Skype users know that the popular application includes multi-party conferencing capability. But Ben Lilienthal, co-founder and CEO of Hoboken, NJ-based Vapps, Inc. views that as little more than “three-way calling.”
If you want real audio conferencing using Skype as an endpoint, Vapps’ HiDef Conferencing service can provide it—complete with the ‘in-the-room’ audio quality that Skype users are so hooked on—for up to 500 “simultaneous talkers,” as Lilienthal put it in a recent conversation.
Indeed, when Skype itself needs to stage a massive company-wide conference (sometimes involving several hundred participants, scattered all over the globe), it uses a HiDef Conferencing ‘virtual meeting room.
Part of the reason Skype chose Vapps’ solution was that they needed to have call statistics and call controls (which HiDef provides via Web portal) for these events. They also needed to accommodate callers that were using conventional phones, as well as Skype endpoints—which, of course, HiDef Conferencing does.
“Conference calling is a $4 billion-per-year industry,” Lilienthal told VoIPplanet.com, and almost all of it happens on phones. We’re very much in the conference calling business, but we’re also into enabling Skype users to make better conference calls for a fixed cost. As a percentage of revenue, [Skype use] is not a big number right now, but in terms of the future opportunity; we think the sky’s the limit.”
Note that he said “fixed cost.” This is another emerging concept in the conferencing business.
Lilienthal explained: “If you go to [one of the big providers] and want to purchase conference calling services, they sell it to you by the minute—say, for example, 10 cents a minute. So if you have five people on a call for an hour, that’s 300 minutes. You’ll get a bill for $30 for that call. What we do is say, okay, here’s your conference room, and it’s X dollars a month.”
(‘X,’ by the way, ranges from $25 per month for a 10-party ‘room’ to $200 per month for a 500-party room—with unlimited access.)
This drastically changes the way businesses use conferencing, according to Lilienthal. “There are people that will start a conference at 8:30 AM and keep it open all day.—with all the endpoints being on Skype. Since we charge a subscription fee instead of per-minute, that opens up a whole new collaboration opportunity for folks.
“Primarily it’s a service used primarily by small businesses—to collaborate more often, and in higher clarity,” Lilienthal concluded.
As an example of a typical customer, Lilienthal offered fellow Hoboken-based SMB, Silverpoint Inc. A provider of Web design and development services for schools, Silverpoint has offices in Baltimore, New York, and San Francisco, which, in turn employ web-design consultants, who need to coordinate daily on their various projects. Moreover, Silverpoint was already using Skype for its internal calling and IM, so a service that accommodated both Skype callers and conventional phone users was a great fit.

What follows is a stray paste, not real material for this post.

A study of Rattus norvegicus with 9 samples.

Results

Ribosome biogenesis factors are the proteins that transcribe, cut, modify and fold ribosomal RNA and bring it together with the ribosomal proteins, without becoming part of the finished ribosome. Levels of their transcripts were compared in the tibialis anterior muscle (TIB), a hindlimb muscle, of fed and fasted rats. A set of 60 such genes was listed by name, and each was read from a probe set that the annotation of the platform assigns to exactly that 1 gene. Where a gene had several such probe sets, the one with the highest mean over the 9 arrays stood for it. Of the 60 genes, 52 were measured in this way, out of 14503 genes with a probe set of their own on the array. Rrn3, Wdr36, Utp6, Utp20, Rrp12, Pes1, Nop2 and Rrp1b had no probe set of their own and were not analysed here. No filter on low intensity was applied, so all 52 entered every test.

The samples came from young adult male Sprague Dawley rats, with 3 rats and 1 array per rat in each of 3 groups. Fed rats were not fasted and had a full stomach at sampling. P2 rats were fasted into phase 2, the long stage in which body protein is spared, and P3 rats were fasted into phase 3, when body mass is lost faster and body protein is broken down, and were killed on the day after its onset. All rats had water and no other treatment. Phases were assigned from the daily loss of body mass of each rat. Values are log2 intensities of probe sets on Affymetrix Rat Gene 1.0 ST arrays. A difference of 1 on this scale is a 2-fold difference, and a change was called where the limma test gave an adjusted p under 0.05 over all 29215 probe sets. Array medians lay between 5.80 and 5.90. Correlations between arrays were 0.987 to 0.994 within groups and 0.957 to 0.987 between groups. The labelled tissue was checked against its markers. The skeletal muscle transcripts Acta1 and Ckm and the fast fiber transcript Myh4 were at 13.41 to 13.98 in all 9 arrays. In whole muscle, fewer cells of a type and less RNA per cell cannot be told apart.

“We were spending almost $500 a month on conferencing alone, and our costs were steadily increasing,” said Silverpoint CFO Andrew McKenzie. “Now, we’re spending a flat $200 a month. And while the cost savings are great, the ability to connect to the conference line in one click with Skype—without tying up the phone lines, so we can interface with customers—is equally valuable,” McKenzie said.
Lilienthal pointed out to VoIPplanet, that now Vapps has the HiDef application up and running, they’re beginning to add on finishing touches—”general usability stuff,” as he put it. “My analogy is, we’ve built the engine and we’ve built the car. Now we’re putting in the leather interior and that sort of thing.”
One such touch is the recently released Outlook plug-in that directly links Outlook’s meeting planning functionality to Vapps’ HiDefConferencing. The plug-in creates a ‘Schedule HiDef Conference’ button that opens a regular Outlook meeting invite, where users can see availability information for in-company contacts, set the conference time, and send e-mail invitations with the meeting details automatically entered.
Moreover, “we’re doing things like adding 800 service,” Lilienthal said; “we’ve added it in Australia, we’ll be adding it in Israel.”
As to future growth, “What we’ve found is that mainly, the service is spreading through word of mouth,” Lilienthal said. “I wouldn’t say ‘viral adoption’; just word of mouth.”
We plan to stick around and see how things develop.